Buy a piece of history to preserve a legend

Buy a piece of history to preserve a legend


Vann Molyvann’s Chaktomuk Conference Hall has survived, unlike others of his.
Living legend ... architect Vann Molyvann.

Photos by: Heng Chivoan

THIS week is the last chance to buy a piece of history – and support Cambodia’s greatest living architect, Vann Molyvann.

A selection of eight autographed photos from his personal collection show some of his most striking buildings in their heyday, such as Phnom Penh’s Teacher Training College and Olympic Stadium just after they were built in the 1960s.

These are on sale at $100 for each print until the Vann Molyvann Project exhibition ends at the French Cultural Centre next Sunday.

Proceeds will help pay the costs of translating his doctoral thesis into Khmer and English for a wider audience. Vann Molyvann wrote it in French (student number 222536) at the age of 82. The subject? Southeast Asian cities from the past to the present.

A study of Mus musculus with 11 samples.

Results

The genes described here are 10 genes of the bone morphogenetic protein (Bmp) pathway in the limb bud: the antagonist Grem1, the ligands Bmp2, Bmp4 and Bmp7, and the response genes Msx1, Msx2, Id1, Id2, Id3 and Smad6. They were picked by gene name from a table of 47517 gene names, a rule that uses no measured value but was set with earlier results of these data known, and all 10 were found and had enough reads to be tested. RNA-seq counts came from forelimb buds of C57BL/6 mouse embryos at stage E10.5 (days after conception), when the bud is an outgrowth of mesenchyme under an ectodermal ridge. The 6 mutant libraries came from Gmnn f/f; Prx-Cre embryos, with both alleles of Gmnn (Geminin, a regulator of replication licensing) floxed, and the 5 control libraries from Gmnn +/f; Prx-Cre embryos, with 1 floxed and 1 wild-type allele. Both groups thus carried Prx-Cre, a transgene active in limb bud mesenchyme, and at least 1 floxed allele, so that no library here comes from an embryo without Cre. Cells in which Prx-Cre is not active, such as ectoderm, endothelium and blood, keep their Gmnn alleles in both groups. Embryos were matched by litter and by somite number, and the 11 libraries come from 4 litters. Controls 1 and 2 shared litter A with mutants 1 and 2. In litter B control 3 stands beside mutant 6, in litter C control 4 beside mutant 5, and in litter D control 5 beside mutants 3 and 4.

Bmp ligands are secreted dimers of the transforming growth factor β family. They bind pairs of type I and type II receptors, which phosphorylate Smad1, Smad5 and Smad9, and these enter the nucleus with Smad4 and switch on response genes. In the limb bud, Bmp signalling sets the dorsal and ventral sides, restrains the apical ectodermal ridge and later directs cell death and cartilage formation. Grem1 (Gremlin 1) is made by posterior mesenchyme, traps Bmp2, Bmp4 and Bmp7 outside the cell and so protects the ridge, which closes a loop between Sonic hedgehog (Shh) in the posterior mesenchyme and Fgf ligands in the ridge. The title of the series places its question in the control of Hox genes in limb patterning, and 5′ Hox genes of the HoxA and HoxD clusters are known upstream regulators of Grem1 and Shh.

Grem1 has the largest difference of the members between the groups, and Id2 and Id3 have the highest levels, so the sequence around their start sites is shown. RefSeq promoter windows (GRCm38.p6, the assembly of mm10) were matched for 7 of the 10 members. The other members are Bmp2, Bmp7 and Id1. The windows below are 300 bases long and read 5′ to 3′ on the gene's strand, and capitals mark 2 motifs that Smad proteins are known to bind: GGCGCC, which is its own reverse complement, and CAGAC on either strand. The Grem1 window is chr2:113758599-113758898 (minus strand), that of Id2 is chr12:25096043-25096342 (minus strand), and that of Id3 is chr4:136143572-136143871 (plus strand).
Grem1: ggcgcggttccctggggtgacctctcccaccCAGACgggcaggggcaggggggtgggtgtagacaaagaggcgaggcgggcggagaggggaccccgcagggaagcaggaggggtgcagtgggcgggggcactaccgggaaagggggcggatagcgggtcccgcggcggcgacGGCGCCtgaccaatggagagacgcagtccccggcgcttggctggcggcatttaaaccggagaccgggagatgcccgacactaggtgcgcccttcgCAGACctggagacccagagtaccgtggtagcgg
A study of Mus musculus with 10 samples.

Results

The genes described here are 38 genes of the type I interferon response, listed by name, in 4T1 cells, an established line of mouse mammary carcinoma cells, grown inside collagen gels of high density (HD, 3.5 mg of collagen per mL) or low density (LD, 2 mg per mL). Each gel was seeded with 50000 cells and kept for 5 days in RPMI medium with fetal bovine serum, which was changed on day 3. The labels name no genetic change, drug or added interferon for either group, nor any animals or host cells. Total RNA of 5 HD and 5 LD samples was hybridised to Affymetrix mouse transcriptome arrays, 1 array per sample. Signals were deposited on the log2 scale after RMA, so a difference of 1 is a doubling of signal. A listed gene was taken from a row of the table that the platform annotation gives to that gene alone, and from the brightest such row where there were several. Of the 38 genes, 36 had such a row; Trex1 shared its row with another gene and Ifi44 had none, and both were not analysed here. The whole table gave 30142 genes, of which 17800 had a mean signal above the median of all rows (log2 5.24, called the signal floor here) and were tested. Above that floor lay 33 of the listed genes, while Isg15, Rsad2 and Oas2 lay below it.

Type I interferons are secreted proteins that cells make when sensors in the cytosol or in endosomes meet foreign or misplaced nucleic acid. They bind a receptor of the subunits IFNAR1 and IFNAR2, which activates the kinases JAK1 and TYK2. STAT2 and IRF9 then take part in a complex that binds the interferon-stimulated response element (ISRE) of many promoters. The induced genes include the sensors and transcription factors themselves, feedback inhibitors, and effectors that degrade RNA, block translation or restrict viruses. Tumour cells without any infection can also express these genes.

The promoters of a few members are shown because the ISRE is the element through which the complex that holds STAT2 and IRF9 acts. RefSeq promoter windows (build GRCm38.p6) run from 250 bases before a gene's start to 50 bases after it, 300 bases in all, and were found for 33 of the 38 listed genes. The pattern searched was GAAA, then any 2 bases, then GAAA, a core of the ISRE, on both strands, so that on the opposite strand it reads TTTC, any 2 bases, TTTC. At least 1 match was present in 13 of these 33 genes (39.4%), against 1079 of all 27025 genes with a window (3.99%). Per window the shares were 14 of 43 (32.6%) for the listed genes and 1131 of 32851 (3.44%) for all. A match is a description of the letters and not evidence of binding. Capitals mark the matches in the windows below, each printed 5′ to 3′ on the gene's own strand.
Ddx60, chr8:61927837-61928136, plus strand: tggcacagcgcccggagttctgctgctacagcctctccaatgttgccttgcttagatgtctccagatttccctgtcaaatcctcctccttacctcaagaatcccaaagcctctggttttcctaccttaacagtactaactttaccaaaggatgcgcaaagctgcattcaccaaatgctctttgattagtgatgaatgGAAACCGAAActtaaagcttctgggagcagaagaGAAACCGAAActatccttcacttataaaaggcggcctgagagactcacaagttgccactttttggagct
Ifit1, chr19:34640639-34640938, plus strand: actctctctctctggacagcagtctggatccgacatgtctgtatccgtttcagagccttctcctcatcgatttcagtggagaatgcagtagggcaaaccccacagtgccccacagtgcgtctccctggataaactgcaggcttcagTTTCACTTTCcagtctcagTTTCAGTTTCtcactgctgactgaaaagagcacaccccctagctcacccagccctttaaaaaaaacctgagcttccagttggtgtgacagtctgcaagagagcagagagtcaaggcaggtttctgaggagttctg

Costs of translation were estimated at $10,000, said Bill Greaves, founder of the project to document Vann Molyvann’s surviving buildings before they fall victim to further urban development.

“This is the last chance for the great Khmer architects of the 1960s to make a connection with the next generation of young architects,” said Greaves. “This is an opportunity right now to preserve this modern architecture.”

Greaves and young architects and students measured and surveyed each of Vann Molyvann’s surviving buildings, creating detailed drawings and scale models to preserve them for posterity.

Greaves hopes to take the exhibition from Phnom Penh next to New York, Berlin and possibly France as he completes the final stages of his 18-month task and prepares to return to a more normal life as an architect in New York.

Demolition of Vann Molyvann’s National Theatre in 2008 sparked his determination to preserve what was left of his work. “I just quit my job in New York, came to Cambodia and started measuring and drawing,” he said wryly.

Luckily around 180 photographs of Vann Molyvann’s work escaped the destruction of the 1970s because his wife Trudy had sent copies to family and friends in Switzerland.

Images for sale have been drawn from his collection. Order forms are available at the French Cultural Centre on Street 184 until next Sunday, or the pictures can be ordered online by emailing info@vannmolyvannproject.org.